By Sal Bommarito
On rare occasions, I agree with Tom Friedman, columnist at the New York Times. He wrote a very insightful article about the conflicting forces in the Middle East and how they might impede the effort to defeat ISIS.
An unbiased observer could reasonably conclude that ISIS should be the principal concern for all the key players in the Middle East. After all, ISIS has threatened to kill all non-Arabs and non-Sunni Arabs in Iraq and Syria in an effort to create a Sunni caliphate. Moreover, ISIS fighters are approaching the borders that abut Iran, Turkey, Saudi Arabia, Lebanon and Jordan foretelling future violence.
Since the current ISIS brouhaha began a few months ago, many have wondered why Iran, Turkey and Saudi Arabia have not been more concerned with the rampaging radicals, and why they are not more engaged in the fight. Friedman has unveiled the answer: these Arab nations have other issues that are equal to or greater in importance than ISIS.
The Middle East has been on the front pages of the newspapers for years. In recent times, oil supply, two Iraq wars, the Israeli/Palestinian conflict and now the ISIS encounter have directed attention towards the region. Intermittently, different antagonists have incurred the wrath of Arabs. For years, the Israeli state has been a thorn in the sides of Arabs. The U.S.’s all too frequent incursions into the area, along with its support of Israel have confounded Arab leaders. But Friedman believes the most important underlying issue has been something else.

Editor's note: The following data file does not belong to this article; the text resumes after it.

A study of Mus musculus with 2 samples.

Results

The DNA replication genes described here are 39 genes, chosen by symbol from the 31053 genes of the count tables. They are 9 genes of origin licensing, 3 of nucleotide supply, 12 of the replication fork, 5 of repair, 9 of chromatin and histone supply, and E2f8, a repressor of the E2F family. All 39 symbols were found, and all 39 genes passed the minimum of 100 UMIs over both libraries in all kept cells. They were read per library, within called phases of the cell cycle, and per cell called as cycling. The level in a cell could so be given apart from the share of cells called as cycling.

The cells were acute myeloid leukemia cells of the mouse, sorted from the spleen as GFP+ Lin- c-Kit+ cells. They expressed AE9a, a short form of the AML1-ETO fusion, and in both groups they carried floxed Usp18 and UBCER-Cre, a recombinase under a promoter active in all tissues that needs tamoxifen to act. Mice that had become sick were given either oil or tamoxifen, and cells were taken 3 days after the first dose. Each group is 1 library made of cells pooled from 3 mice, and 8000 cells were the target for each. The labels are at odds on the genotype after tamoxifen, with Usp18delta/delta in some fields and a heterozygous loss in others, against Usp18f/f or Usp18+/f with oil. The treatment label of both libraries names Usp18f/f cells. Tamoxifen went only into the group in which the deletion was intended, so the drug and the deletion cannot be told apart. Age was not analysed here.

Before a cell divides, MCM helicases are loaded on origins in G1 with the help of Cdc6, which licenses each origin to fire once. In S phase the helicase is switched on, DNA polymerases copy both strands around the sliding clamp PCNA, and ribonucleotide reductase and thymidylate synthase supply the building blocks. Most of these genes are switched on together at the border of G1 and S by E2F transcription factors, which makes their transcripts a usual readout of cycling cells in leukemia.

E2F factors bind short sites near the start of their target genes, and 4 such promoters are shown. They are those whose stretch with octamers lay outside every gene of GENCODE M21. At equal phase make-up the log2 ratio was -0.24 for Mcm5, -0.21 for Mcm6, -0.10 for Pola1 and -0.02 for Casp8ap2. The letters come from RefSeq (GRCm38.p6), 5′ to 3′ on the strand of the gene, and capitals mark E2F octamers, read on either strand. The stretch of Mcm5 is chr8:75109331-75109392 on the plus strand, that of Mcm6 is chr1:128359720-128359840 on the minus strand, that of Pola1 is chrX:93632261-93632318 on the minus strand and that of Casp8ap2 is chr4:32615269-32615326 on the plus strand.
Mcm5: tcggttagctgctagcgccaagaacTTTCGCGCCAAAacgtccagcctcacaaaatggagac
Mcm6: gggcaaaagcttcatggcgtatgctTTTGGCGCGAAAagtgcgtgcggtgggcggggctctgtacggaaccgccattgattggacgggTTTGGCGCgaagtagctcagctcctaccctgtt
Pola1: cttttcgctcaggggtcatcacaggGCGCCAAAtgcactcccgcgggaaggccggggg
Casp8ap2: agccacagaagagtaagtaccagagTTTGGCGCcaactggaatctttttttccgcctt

All the sturm and drang is a masquerade that diverts everyone from the real truth: the centuries old feud between Sunnis and Shiite. It is useful to consider Friedman’s take on this notion.
Iran has made it abundantly clear it wants to develop a nuclear weapon. Understandably, the rest of the civilized world is against this ambition. Why is it so important to Iran? The answer is that Iran intends to use this newfound club to bully Arabs into a Shiite caliphate, or a state led by a supreme religious leader.
Iran is the unchallenged leader of the Shiite world. According to Friedman, “[Iran] has taken control of four Arab capitals: Beirut, through the Shiite militia Hezbollah; Damascus, through the Shiite/Alawite regime of Bashar al-Assad; Baghdad, through the Shiite-led government; and . . . Sana, where a pro-Iranian-Yemen-Shiite offshoot . . . recently swept into the capital of Yemen [to dominate Sunnis].”
Up north, Turkey’s president, Recep Tayyip Erodogan, has abandoned the dream of democracy for the region. He now hopes to establish a Sunni caliphate that will dominate the Middle East under his leadership. Turkey has other issues that it believes are equally as important as the ISIS threat. They include the Kurdish aspiration of independence and the continued existence of the Assad regime in Syria. Turkey intends to pursue ISIS along with the aforementioned concerns on an equally aggressive basis, unless or until ISIS steps over its border.
And finally Saudi Arabia will play a large role in the Middle East drama. Its leaders also long for a caliphate that is Sunni, but Saudi-led. Just like the Iranians, Saudis have unleashed insurgents into Shiite strongholds to provoke violence and instability. No Saudi decision will be made regarding ISIS without first considering religious ramifications.
How ISIS will be defeated is unknown at this time. Many believe ISIS cannot be repelled without efficient ground support. Unfortunately, no nation is able and prepared to provide foot soldiers. Nevertheless, if ISIS is neutralized, the conflict in the region will continue in the form of new confrontations between Sunnis and Shiites.